Tackling digital transformation’s broad scope is never easy. At InTheBlack Singapore this year, Tammy Coley, Chief Transformation Officer at BlackLine, shared her experiences of assisting client corporations to navigate DX without veering off-track.
Back in 2005, standardizing everyone’s Excel spreadsheets and filing physical documents were the de facto rigors of Accounting, but this was not working out for Tammy’s team. Whenever they had problematic reconciliations, they were expected to do WITTB (What It Takes To Balance) at all costs.
Instead of managing the month-end close, the latter was managing her. Something had to be done, and by 2016, Tammy had launched a pilot for a BlackLine implementation to improve things.
Much retraining was needed to get teams used to the new and seamless way of leveraging automation, but the results shone through.
Soon, reconciliations were 80% automated, journal entries were enjoying new visibility, and the month-end close went down from ten to only three days.
Variance analyses were now more efficient and giving management new insights into the business processes.
With additional BlackLine tweaks, over 90% of journal entries within their ERP system and within BlackLine had been automated. Ownership of internal controls was also streamlined and monitored automatically to ensure continuity even with staff turnover, thus making preparations for year-end audits a smooth and painless process.
By 2016, digital transformation in Tammy’s finance department had melded with the rest of the company’s operations to facilitate agile, insightful business decisions and strategy to keep pace with disruption trends.
Digital Controllership: Explore Your Digital Potential
Controllership—the art and science of supervising a corporation’s financial, accounting and business interests—has gone digital. With a business securely ensconced in a cloud environment, digital controllership offers unprecedented oversight and analytics to improve governance and efficiency.
Deloitte’s Giam Ei Leen, Partner, Audit & Assurance, was on hand to share many case studies on the “art of the possible”—where organizations exploited DX to maximize business potential.
It was noted that the Close-to-Report cycle has been deemed to be a linear process, but it is usually adjusted by process failures (such as breaching of budgets) and last-minute reconciliations and findings.
Now, with the proliferation of cloud-based centralization of workflows, controllership is moving away from the linear, analog process toward one that is a real-time practice.
More than 75% of CFOs, according to a survey quoted by Ei Leen, believe that DX can lower the cost of achieving accurate financial reporting. Deloitte has looked at how its clients can benefit from DX to streamline controllership in the digital realm.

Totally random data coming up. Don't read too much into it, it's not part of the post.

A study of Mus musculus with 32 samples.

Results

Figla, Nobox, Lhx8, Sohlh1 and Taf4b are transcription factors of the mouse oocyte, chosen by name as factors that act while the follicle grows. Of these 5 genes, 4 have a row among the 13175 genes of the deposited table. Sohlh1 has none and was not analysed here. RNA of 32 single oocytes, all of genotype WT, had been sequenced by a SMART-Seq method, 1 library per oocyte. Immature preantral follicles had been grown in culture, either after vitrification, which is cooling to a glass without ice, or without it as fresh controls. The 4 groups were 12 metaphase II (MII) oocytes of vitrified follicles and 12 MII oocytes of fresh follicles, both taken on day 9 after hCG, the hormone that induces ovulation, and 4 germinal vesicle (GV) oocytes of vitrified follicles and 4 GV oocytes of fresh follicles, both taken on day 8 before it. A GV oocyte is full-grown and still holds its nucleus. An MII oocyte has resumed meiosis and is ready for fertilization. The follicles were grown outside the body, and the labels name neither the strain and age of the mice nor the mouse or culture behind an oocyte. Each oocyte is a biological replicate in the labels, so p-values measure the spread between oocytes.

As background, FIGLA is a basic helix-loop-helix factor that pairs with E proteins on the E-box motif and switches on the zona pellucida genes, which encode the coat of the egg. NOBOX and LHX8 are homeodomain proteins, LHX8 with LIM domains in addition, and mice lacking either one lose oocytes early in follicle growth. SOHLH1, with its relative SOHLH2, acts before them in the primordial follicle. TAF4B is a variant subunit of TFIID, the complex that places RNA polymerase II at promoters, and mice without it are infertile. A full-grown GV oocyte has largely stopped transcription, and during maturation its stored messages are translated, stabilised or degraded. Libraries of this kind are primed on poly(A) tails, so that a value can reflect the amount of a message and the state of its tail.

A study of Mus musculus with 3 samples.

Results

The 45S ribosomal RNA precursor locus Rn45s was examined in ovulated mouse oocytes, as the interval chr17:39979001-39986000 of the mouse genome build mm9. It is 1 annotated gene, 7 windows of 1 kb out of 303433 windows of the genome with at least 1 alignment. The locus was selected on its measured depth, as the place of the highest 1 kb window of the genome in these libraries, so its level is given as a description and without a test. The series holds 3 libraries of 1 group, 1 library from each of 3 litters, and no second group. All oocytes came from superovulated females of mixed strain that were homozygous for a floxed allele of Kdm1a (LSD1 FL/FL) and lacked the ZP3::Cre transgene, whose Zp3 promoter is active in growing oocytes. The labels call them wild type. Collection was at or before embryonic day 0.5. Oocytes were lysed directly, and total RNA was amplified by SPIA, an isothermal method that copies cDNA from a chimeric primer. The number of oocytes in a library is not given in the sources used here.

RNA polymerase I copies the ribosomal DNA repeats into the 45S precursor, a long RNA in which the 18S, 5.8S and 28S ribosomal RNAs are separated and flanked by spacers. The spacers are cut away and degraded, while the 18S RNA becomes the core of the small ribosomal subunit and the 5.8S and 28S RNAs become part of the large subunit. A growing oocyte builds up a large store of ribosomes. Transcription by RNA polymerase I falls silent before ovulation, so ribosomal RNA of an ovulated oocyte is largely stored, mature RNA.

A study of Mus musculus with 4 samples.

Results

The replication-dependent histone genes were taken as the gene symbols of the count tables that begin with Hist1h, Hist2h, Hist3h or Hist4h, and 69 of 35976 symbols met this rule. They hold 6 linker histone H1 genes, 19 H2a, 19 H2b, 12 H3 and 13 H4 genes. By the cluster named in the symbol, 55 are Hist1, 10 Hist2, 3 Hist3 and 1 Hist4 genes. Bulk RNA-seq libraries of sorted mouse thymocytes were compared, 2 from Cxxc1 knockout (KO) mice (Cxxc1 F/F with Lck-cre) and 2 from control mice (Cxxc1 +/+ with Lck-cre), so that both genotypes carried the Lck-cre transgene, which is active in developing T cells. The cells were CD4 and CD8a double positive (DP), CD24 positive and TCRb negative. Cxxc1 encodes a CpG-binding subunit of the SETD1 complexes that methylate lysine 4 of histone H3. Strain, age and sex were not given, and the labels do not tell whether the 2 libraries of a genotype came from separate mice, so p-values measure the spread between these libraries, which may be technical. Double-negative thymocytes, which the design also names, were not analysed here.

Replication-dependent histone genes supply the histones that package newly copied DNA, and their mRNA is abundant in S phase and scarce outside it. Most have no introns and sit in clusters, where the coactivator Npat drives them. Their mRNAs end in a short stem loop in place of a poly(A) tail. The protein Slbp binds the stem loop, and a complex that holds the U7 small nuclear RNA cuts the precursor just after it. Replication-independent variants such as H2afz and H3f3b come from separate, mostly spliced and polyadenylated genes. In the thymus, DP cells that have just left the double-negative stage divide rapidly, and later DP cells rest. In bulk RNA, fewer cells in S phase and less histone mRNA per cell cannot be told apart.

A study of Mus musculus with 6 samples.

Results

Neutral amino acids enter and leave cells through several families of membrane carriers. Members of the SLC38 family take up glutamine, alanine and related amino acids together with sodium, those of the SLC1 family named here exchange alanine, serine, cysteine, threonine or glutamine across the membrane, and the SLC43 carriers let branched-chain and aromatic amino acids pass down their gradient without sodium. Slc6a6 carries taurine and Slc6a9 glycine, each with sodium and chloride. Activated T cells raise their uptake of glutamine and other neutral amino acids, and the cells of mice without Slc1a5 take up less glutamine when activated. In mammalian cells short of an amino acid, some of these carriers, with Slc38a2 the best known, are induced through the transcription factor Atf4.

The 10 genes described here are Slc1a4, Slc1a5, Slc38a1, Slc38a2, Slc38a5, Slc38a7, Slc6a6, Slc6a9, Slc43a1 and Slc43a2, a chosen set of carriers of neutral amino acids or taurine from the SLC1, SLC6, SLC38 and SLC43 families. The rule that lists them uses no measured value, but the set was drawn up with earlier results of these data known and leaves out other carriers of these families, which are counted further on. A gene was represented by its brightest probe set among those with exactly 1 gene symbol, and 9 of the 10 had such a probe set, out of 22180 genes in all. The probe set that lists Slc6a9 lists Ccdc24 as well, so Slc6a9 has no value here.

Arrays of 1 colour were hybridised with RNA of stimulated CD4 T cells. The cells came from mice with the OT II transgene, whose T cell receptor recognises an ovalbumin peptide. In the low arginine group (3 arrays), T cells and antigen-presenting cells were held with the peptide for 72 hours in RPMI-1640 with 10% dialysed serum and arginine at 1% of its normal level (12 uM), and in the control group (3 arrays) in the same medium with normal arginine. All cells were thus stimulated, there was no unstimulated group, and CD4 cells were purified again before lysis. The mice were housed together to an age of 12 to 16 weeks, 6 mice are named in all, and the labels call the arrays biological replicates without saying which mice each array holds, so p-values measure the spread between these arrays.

From advances in Enterprise Resource Planning (ERP) to in-memory processing of big data for analytics and business intelligence, the Cloud is propelling controllership flexibility to new heights. Myths about cloud migration costs and teething pains that are keeping business on legacy systems were addressed and dispelled.
Data analytics add a powerful lens in digital controllership, and Ei Leen touched on the various types of analytics and visualization tools that enhance decision making.
The Pathway to Intelligent Finance
The first post-lunch presentation was conducted by SAP’s Regional CFO (Asia Pacific and Japan), Richard McLean. In this presentation, Richard discussed emerging trends and how evolving key technologies, including cloud computing, artificial intelligence, blockchain, and predictive analytics are revolutionizing the way Finance is improving change management.
SAP’s role in empowering the intelligent enterprise is to help it make use of data efficiently to offer excellent customer-centricity, and to remain agile and responsive to market opportunities and threats.
In the finance and accounting space, the intelligent enterprise benefits from accurate reports and analytics that enhance business intelligence and operations while reducing its risk profile. At the human level, a digitalized finance function empowers all other business functions and enhances change management.
Richard predicted that, in the next three to five years, budgeting periods will become shorter and more dynamic, while analytics will become a core function of finance.
In response, SAP is already priming itself to help its customers tap into the right machine-learning/artificial intelligence technologies while nurturing something that is vital to digital transformation—a learning culture.
Read this blog to discover what no one’s telling you about how to achieve digital transformation in Accounting and Finance.